Greenpeace demonstrates at Shell refinery in Rotterdam port
Environmental groups have kicked off a campaign for a Europe-wide ban on adverts and sponsorships by oil and gas companies
Amsterdam — Greenpeace activists on Monday sought to block shipping traffic at a Shell refinery in Rotterdam port, as part of a campaign against what they call “greenwashing” - misleading advertising by oil industry companies seeking to profile themselves as pro-environment.
In the action in Rotterdam, the 33-metre-long vessel The Beluga anchored at the entrance of Shell’s section of the port, which houses the large Pernis refinery, and activists scaled a large oil tank.
Shell spokesperson Marc Potma said in a reaction that the company supports groups’ right to demonstrate “provided this is done in a safe manner”.
“However, that is not the case now. The protesters are illegally on our property [in Rotterdam] where strict safety regulations apply,” he said.
Rotterdam Port spokesperson Tie Schellekens said there was “barely any” disruption to shipping traffic, but openings to some docks had been blocked.
“Because of that two barges are unable to load or unload,” he said.
The action comes as Greenpeace and more than 20 other environmental groups kicked off a campaign for a Europe-wide ban on adverts and sponsorships by oil and gas companies, comparing them to harmful tobacco promotions.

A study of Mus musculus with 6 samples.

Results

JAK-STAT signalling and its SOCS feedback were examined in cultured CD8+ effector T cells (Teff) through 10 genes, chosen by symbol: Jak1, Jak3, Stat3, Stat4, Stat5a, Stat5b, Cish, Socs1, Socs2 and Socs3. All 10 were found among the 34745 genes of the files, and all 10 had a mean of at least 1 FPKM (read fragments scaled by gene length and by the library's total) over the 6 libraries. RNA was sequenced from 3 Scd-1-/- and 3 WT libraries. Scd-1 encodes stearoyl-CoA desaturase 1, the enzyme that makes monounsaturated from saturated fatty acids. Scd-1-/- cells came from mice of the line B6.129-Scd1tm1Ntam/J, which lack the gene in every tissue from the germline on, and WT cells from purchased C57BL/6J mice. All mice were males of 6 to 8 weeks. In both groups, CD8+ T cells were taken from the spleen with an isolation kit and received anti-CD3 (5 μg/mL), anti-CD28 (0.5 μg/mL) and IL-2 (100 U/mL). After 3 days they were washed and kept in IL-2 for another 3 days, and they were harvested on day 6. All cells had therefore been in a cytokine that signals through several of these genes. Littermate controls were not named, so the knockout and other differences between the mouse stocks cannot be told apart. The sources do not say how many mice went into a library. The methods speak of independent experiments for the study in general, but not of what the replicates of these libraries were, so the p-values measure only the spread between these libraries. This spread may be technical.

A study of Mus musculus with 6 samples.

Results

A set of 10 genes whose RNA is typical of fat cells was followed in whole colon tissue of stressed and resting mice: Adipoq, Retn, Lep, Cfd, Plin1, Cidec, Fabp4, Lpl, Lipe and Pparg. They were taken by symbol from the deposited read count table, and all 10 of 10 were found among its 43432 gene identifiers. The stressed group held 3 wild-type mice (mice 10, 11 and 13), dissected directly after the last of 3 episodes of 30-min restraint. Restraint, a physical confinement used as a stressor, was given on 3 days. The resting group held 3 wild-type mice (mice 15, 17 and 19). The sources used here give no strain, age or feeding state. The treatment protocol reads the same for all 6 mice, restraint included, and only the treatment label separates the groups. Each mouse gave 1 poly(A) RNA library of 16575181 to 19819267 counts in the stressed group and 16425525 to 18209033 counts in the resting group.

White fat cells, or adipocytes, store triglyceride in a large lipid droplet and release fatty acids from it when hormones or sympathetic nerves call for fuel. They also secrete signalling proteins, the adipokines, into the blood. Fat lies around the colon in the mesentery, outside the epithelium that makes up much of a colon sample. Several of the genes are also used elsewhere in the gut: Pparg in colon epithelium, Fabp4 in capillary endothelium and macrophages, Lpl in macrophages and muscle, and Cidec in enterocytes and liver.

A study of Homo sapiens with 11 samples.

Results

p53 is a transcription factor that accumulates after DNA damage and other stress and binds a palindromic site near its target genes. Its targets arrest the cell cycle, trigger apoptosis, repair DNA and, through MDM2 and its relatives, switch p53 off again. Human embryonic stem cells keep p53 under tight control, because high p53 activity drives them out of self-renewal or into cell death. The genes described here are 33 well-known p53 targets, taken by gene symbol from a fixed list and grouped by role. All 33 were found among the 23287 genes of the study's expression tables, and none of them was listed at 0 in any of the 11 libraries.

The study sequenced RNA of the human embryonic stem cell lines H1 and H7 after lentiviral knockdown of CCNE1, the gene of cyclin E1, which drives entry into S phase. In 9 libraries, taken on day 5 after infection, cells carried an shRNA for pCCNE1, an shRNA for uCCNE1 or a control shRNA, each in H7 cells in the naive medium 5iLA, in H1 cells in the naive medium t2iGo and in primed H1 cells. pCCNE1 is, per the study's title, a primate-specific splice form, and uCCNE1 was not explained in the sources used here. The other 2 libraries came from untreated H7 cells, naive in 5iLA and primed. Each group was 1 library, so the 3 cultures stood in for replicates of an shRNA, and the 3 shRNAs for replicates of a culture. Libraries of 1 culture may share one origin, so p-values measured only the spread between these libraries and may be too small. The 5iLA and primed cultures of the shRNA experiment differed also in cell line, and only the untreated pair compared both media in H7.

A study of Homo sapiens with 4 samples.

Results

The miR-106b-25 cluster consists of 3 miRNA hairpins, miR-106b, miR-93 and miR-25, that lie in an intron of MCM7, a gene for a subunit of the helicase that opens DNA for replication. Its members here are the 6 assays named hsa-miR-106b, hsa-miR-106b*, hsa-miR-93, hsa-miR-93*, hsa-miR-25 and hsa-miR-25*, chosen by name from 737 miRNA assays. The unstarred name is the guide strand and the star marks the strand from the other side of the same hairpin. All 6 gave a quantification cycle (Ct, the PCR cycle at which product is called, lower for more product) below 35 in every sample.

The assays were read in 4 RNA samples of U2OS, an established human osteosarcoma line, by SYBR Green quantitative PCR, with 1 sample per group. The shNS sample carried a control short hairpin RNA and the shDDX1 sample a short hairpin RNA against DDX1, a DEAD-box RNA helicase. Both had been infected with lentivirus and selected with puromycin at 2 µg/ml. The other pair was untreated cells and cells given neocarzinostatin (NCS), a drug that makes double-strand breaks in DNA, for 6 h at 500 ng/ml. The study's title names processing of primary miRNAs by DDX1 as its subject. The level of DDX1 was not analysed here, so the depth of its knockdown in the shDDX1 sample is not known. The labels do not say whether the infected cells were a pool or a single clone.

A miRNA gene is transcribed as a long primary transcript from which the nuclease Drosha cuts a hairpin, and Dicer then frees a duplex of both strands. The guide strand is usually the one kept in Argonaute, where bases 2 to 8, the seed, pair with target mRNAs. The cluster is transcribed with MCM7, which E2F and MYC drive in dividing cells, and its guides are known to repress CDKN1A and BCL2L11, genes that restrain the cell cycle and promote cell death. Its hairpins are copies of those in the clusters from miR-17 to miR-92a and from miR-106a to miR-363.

The groups said they would launch protests and collect a million signatures from EU citizens to put a law banning ads for fossil fuels before the EU Commission.
“The EU has already introduced a directive banning cross-border tobacco advertising and sponsorships,” Greenpeace said in a statement issued in the run-up to the COP26 UN climate conference in Glasgow.
“Now it’s time for a similar law against fossil fuel industries for the health of the planet and our future.”
The Commission, the EU’s executive body, is obliged to give serious consideration to petitions put forward under the “European Citizens Initiative”, a direct democracy plan enacted by the union in 2007.
More than 20 environmental groups are backing the Ban Fossil Fuel Ads campaign, including Global Witness, Friends of the Earth and Avaaz.
The draft law would ban advertisements for fossil fuels, for vehicles that use them, and block oil companies from sponsorships.